Thursday, October 04, 2007

Thursday, October 04, 2007 12:04 am by M. in    3 comments
The Museum of Strange and Wondrous Things posts about the 1851 Great Exhibition of London. Charlotte Brontë's opinion is quoted:
“Yesterday I went for the second time to the Crystal Palace. We remained in it about three hours, and I must say I was more struck with it on this occasion than at my first visit. It is a wonderful place – vast, strange, new and impossible to describe. Its grandeur does not consist in one thing, but in the unique assemblage of all things. Whatever human industry has created you find there, from the great compartments filled with railway engines and boilers, with mill machinery in full work, with splendid carriages of all kinds, with harness of every description, to the glass-covered and velvet-spread stands loaded with the most gorgeous work of the goldsmith and silversmith, and the carefully guarded caskets full of real diamonds and pearls worth hundreds of thousands of pounds. It may be called a bazaar or a fair, but it is such a bazaar or fair as Eastern genii might have created. It seems as if only magic could have gathered this mass of wealth from all the ends of the earth – as if none but supernatural hands could have arranged it thus, with such a blaze and contrast of colours and marvellous power of effect. The multitude filling the great aisles seems ruled and subdued by some invisible influence. Amongst the thirty thousand souls that peopled it the day I was there not one loud noise was to be heard, not one irregular movement seen; the living tide rolls on quietly, with a deep hum like the sea heard from a distance.”

— Charlotte Brontë A visit to the Crystal Palace, 1851. The Brontës' Life and Letters, by Clement Shorter (1907)
The description belongs to a letter from Charlotte Brontë to her father of 9 June 1851. A few days later, Charlotte Brontë visited the Great Exhibition once again accompanied by the eminent physicist Sir David Brewster (1781-1868), inventor of the kaleidoscope. (Check Margaret Smith's Letters of Charlotte Brontë, Vol. 2)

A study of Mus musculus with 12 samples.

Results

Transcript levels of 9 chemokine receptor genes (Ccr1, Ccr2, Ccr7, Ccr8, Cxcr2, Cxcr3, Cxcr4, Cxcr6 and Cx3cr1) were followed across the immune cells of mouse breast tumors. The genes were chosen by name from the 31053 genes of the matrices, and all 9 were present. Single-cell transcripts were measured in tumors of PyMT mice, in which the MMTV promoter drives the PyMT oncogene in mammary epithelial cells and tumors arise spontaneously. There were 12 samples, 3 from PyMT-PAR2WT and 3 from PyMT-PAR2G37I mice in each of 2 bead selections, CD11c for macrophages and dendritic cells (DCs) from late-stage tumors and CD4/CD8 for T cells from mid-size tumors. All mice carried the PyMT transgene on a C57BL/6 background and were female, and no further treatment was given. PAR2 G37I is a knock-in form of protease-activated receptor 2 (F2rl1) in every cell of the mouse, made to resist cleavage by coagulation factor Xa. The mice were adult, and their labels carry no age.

David Brewster is the subject of an article in ELH (English Literary History) published in the Spring issue:
Groth, Helen.
Kaleidoscopic Vision and Literary Invention in an "Age of Things": David Brewster, Don Juan and "A Lady's Kaleidoscope"
ELH - Volume 74, Number 1, Spring 2007, pp. 217-237
In the article the opinion of David Brewster on Charlotte can be read:
It was that of Miss Bronte, the authoress of Jane Eyre and Shirley, a little, pleasing-looking woman of about forty, modest and agreeable. I went through the Exhibition with her yesterday.
Picture: The front entrance of the Crystal Palace, Hyde Park, London that housed the Great Exhibition of 1851, the first World's Fair. Contemporary engraving. Source



  1. I wonder what Charlotte would of though when her escort described her as "pleasing-looking". From my limited understanding, Charlotte was a very self-criticial of her physical appearance. It would of been interesting to see how the these two great minds interacted as they went through the Great Exhibition. Would Mr. Brewster tried to go into the science of the exhibits with Charlotte and from the letter posted Charlotte understanding the larger implication of what was being shown.

  2. To add to my previous post, I do not think Charlotte would of appreciated being described as being "about forty" when she was 35 at the time of the visit.

  3. Ever since she was very young Charlotte saw herself as an 'old spinster', and a five-year difference in age calculation doesn't seem so much to me. So I don't think she would have made much of it.